When working in international politics, you realize that efforts to improve (or, I daresay, save) the world revolve around buzzwords. Clearcut visions and concepts are required to form alliances, formulate action plans and (most importantly!) pledge political and financial support.
In agriculture, it seems we have passed ‘green’ (too reminiscent of the green revolution and its controversies) and ‘sustainable’ (too vague and multi-faceted) and arrived at ‘climate-smart agriculture’ (CSA). Climate-smart ag fits into global climate action, is quantifiable (via CO2-equivalent emission savings) and can encompass both mitigation and adaptation actions, making it a catch-all for a plethora of initiatives that can satisfy both the global North and South in their aims. So far, so good.
Thus, at the UN Secretary General’s Climate Summit in New York on 23 September, 180 senior officials and stakeholders attended the inaugural meeting of the Global Alliance for Climate-Smart Agriculture. The Alliance aspires to be a “food security and nutrition focused, agriculture-driven and action-oriented coalition of entities committed to incorporating climate-smart approaches encompassing all scales and types of agriculture systems, across all climates and approaches to farming, including crop, livestock, fishery and forestry activities, providing farmers an innovative toolbox of options from which to choose”. Its goals (which match the FAO definition of CSA) are to contribute simultaneously to “sustainable and equitable increases in agricultural productivity and incomes; greater resilience of food systems and farming livelihoods; and reduction and/or removal of greenhouse gas emissions associated with agriculture (including the relationship between agriculture and ecosystems), where possible” (quoted from the Alliance’s Framework document available here).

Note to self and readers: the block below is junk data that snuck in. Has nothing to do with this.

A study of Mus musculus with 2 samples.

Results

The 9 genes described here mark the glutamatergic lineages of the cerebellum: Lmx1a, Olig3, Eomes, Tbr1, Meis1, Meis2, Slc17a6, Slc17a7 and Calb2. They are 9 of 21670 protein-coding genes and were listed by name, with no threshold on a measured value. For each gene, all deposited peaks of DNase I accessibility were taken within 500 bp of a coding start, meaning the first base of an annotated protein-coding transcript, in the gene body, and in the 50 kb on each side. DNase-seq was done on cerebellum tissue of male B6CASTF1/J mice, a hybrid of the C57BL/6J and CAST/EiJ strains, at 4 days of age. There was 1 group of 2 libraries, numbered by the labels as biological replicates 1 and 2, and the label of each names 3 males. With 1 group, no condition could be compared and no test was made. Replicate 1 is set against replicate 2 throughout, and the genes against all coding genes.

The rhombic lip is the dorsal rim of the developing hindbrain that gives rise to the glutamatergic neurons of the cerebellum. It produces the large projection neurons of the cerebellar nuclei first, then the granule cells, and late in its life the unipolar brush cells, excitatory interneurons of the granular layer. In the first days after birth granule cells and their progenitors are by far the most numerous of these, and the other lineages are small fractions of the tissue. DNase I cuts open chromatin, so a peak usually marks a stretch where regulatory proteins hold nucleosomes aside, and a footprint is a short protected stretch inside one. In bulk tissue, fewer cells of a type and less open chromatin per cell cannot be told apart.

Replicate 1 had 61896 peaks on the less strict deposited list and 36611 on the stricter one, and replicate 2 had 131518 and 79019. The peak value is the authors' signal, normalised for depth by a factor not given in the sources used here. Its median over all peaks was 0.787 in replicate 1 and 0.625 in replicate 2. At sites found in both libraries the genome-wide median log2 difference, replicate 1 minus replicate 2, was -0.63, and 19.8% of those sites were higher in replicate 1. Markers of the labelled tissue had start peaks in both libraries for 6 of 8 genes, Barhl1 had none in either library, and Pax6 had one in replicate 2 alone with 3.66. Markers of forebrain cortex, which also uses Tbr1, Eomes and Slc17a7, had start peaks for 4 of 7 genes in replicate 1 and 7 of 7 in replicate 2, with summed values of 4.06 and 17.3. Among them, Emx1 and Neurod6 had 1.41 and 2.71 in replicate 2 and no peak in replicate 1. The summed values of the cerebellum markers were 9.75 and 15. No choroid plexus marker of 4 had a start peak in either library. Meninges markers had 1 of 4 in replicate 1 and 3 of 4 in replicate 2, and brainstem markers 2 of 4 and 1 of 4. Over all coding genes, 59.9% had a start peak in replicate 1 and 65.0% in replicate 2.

According to a number of research projects, organic farming can indeed contribute to climate change mitigation. First and foremost, its use of nitrogen-fixing rotations, cover crops and organic compost increases the carbon sequestration potential of soils and boosts their carbon content. There are also secondary effects, such as lower fossil fuel use, a lesser reliance on imported feed concentrate and the transportation and land use change consequences stemming from it, and a decrease in methane emissions from landfills.
Thus, organic farming and the CSA idea should be born allies, right? However, as always, it gets more complicated once you dig a bit deeper.
Looking at livestock production, for instance, the longer lifespan of organic animals translates into more methane from the gastric fermentation from ruminants. Should the goal of a natural and healthy animal life be abandoned to decrease their greenhouse gas impact, though? And what about the other important aspects of sustainable agriculture – related to nutrient cycles, biodiversity, the provision of nutritious and diversified diets and the empowerment of smallholders – that cannot as easily be connected to either climate mitigation or adaptation? This worry leads organic pioneers and other NGOs to watch the CSA movement with interest, but some doubt as to its aims and inclusiveness.
What it boils down to, essentially, is the challenge of reducing complex problems to one, or few, indicators. Such an approach will never be able to be all-inclusive and respect the diversity of solutions available. Yet, the quantification of environmental improvements is an easy way to appreciate them, and to remunerate efforts undertaken by farmers to provide such public goods.